Published: Nov. 11, 2021 at 11:28 AM EST

“We’ve got a group of metal detectors here that have come up from all across the country to spend the week with us doing survey, locate the nails that would have been from a structure that was here. We’re trying to figure out not only the location, but from when it is dated, and also what it was used for,” Montpelier Director of Archeology Matthew Reeves said.

Metal detectors help to narrow down the site of a building, allowing the area to then be excavated.

“We found a lot of nails, which is to be expected. Like, 98% of the artifacts we find are nails. But we’ve also found a horseshoe,” Reeves said.

The artifacts they find enable them to determine what kind of building it was and get an estimate of what year it was built. The excavations can be unpredictable as there are no blueprints left to help guide the archaeologists.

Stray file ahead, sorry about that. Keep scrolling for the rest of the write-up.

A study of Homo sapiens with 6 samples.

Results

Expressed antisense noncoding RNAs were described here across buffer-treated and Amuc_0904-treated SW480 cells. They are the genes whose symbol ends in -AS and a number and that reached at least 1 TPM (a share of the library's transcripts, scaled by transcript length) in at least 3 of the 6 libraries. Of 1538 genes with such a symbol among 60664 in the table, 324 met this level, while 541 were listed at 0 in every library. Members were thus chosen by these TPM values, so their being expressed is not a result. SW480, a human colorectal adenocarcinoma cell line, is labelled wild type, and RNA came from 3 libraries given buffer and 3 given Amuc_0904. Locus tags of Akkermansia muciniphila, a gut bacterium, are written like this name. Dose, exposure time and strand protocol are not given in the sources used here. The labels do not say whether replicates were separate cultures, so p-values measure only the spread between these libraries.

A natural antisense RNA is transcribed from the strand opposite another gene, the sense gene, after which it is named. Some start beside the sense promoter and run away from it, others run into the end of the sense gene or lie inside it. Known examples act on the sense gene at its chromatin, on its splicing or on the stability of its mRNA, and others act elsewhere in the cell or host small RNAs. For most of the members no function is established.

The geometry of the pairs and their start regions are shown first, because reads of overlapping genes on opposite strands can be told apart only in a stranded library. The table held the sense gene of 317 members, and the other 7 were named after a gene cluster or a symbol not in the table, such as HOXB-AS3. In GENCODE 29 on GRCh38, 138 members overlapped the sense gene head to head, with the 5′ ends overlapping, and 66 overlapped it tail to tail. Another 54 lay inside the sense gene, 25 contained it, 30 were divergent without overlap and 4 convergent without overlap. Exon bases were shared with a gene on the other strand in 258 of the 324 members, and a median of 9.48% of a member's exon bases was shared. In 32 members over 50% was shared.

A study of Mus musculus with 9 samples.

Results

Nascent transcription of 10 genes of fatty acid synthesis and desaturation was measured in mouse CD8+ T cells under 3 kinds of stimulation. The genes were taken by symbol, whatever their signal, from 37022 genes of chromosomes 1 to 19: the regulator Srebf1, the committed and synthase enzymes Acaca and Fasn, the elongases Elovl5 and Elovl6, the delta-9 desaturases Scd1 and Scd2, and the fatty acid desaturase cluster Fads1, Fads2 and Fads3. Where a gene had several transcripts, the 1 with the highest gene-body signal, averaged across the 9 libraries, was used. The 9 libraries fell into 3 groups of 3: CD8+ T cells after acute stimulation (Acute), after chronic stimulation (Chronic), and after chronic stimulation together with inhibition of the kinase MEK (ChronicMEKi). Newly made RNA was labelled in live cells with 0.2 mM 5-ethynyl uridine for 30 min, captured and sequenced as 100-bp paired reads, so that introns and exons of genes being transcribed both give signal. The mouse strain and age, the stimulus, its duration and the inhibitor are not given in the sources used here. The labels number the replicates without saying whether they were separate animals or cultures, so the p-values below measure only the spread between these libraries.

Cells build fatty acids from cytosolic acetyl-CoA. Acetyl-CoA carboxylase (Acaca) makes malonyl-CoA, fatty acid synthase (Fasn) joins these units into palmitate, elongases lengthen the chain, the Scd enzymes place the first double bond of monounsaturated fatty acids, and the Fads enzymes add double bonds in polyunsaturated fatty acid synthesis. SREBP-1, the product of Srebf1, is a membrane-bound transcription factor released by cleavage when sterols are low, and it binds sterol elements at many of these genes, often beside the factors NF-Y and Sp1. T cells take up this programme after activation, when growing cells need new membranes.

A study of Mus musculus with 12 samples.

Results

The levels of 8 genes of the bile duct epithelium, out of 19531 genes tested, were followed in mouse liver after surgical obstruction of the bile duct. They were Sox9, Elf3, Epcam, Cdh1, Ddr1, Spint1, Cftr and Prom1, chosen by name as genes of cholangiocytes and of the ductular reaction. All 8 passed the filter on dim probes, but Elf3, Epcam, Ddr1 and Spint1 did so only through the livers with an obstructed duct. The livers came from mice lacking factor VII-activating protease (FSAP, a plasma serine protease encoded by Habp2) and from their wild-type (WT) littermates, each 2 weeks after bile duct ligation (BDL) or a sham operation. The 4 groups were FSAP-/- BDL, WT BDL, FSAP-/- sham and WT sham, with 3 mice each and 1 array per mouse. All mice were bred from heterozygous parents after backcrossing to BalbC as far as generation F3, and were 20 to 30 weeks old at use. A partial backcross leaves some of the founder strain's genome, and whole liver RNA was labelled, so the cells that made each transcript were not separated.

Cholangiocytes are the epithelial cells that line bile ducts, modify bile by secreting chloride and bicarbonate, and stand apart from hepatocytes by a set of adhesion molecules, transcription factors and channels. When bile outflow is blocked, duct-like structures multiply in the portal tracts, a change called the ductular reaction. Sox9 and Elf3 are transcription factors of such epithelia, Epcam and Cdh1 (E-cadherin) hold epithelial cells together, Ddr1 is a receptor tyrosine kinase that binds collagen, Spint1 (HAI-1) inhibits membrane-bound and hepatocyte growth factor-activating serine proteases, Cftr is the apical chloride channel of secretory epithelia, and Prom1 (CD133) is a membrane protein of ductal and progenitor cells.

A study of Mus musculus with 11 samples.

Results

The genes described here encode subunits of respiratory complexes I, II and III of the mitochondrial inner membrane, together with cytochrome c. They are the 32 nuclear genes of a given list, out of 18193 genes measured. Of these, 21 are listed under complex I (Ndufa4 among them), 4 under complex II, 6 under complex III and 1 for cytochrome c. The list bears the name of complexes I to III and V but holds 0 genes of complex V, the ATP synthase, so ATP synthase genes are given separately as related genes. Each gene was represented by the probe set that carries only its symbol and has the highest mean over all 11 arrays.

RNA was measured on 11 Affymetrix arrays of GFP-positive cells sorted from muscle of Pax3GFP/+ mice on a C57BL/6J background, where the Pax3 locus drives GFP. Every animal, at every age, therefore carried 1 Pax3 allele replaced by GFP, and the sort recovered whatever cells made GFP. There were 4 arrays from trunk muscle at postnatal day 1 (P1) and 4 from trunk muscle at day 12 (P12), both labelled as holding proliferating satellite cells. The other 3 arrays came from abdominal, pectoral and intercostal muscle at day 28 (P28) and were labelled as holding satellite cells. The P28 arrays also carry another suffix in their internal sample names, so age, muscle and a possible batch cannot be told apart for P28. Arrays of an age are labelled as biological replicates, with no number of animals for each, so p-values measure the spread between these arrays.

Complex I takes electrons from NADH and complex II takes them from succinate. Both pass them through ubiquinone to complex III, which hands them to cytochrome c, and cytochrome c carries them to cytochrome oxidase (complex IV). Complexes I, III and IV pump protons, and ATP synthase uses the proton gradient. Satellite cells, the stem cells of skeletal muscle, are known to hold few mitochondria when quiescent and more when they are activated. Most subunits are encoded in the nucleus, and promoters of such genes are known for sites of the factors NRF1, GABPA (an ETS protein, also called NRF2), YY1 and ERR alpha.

“There’s no maps, there’s no documents that say where these structures are. In the 1850s, the Madison nieces and nephews burned all the plantation records. All the records of the contributions of enslaved Americans to this plantation went away,” the director said.

The goal is to replicate these structures so the public can better envision what life was like during Madison’s time.

“We get a better idea of living history, and can do better enactments for youth so they can understand what happened in the past because as we know those who forget history are bound to repeat it,” Michael King, a detectorist helping to survey the land, said.